THE Zimbabwe National Road Administration (Zinara) has accredited only 20 insurance firms on its new digital database as part of the computerisation of third party motor insurance, a senior official has said.
BY STAFF REPORTER
The computerisation exercise of third party motor insurance cover came amid claims fake notes had flooded the market, with the Traffic Safety Council of Zimbabwe (TSCZ) experiencing problems in collecting the 12% levy from third party insurance firms.
The roads administrator’s Precious Murove told NewsDay that Zinara would not be involved directly in the selling of insurance to motorists, but had created a platform for companies to transact.
“A total of 20 out 22 insurance companies have registered for access to the Zinara system. The system records every transaction detail, an automatic online payment and can provide an audit trail for the benefit of all stakeholders that include Traffic Safety Council, Zimra [(Zimbabwe Revenue Authority] stamp duty as well as the insurance companies,” Murove said.
“It is important to highlight that Zinara is not necessarily selling the insurance licence discs, but has provided a platform where insurance companies can transact through the digital computerised system. Motorists will now have assurance that the insurance cover notes are authentic, since they are now computerised, unlike in the previous manual era where there were a lot of fake cover notes”.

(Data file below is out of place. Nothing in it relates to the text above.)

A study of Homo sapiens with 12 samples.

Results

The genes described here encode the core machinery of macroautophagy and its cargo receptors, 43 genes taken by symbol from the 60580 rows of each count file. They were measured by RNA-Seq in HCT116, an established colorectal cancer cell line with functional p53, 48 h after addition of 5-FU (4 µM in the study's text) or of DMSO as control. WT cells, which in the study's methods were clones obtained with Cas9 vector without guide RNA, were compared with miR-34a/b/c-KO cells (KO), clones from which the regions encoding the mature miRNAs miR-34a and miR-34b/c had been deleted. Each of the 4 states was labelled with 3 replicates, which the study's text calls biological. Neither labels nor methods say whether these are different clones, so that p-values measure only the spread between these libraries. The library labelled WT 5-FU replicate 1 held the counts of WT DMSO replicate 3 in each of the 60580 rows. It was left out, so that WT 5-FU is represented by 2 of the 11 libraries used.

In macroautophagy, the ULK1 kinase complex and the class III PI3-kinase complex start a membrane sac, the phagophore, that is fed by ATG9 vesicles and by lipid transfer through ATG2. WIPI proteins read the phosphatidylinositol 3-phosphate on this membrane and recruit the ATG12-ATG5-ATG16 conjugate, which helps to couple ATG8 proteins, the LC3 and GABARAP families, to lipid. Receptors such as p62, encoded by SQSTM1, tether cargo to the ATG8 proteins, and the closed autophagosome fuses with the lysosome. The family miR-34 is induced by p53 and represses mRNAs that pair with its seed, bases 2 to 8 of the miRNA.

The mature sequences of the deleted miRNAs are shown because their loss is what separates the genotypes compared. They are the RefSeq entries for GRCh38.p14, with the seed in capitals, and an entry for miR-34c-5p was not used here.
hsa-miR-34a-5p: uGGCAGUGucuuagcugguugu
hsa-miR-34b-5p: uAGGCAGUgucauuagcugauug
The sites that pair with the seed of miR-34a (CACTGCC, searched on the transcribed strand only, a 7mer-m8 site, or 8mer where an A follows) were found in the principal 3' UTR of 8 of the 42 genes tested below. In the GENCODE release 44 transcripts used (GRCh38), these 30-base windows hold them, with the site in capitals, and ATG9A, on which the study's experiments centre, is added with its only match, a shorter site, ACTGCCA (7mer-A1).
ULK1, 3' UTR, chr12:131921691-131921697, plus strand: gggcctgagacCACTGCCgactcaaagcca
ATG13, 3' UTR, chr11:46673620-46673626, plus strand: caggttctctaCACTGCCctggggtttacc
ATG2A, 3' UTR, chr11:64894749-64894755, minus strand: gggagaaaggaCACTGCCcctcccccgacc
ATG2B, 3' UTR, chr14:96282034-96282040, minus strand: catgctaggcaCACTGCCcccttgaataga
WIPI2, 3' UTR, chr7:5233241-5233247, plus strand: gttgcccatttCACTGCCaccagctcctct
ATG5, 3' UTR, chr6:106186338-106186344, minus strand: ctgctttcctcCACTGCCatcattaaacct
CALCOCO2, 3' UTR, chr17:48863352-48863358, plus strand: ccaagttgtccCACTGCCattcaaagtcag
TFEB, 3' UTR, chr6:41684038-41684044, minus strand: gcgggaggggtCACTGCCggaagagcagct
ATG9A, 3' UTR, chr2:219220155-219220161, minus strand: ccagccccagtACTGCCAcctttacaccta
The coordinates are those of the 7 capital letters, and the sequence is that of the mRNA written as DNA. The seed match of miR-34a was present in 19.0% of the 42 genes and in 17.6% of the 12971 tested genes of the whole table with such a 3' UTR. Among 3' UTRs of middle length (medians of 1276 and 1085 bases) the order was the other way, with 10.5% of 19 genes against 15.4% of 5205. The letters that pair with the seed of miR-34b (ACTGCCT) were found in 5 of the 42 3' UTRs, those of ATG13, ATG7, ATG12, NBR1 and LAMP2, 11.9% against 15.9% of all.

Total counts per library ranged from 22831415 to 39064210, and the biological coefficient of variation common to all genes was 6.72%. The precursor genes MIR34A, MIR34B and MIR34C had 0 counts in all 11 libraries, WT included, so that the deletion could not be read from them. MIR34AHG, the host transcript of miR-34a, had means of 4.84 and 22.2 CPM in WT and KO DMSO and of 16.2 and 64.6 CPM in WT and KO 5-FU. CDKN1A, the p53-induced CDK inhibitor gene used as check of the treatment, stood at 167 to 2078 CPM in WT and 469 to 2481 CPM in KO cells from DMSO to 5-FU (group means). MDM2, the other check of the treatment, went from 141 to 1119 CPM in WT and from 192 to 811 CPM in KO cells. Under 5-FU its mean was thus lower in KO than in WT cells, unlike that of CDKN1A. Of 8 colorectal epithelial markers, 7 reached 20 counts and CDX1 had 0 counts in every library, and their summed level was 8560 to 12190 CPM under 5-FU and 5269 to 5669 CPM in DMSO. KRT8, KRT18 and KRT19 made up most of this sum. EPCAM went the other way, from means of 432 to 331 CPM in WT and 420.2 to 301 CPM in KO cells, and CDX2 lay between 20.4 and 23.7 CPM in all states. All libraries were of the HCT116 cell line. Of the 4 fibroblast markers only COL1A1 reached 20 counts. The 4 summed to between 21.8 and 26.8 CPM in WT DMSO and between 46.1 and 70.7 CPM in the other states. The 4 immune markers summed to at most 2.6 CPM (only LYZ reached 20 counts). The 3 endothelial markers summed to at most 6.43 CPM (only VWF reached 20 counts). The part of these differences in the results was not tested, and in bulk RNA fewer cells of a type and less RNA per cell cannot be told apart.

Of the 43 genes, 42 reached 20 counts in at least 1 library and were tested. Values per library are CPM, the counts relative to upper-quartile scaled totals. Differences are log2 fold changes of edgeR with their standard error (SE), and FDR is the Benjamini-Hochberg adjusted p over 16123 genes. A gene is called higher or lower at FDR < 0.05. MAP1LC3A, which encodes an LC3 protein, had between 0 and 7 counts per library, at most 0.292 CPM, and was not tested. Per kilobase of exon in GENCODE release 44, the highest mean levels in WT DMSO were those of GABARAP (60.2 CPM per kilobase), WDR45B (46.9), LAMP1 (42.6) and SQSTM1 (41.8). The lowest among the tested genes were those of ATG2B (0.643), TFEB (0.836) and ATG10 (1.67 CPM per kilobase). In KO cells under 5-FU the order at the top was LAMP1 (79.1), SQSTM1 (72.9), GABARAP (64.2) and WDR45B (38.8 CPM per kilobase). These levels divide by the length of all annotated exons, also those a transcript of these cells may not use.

Murove said the move to digitally issue motor insurance would benefit government which was struggling with revenue streams, while motorists would now be shielded from fake cover notes.
“Government will realise increased revenue through effective collection of Traffic Safety Council Statutory levy of 12,5% on the third party motor insurance.
“Furthermore, the government can easily verify all the revenue collected through insurance companies. This implementation will bring confidence to the motoring public that in the event of lodging a claim with any of the registered insurance companies, they are guaranteed of compensation,” Murove said.
Amid reports of the proliferation of fake insurance cover notes, Zinara at the end of last month announced the computerisation programme would begin on May 2.
In March, Transport and Infrastructure Development minister Joram Gumbo told the National Assembly that corruption was rife in vehicle insurance to the extent that the TSCZ had experienced problems in collecting the 12% levy from third party insurance firms. He said TSCZ was losing an estimated $5,4 million annually. The levy TSCZ gets from insurance companies was for road safety communication.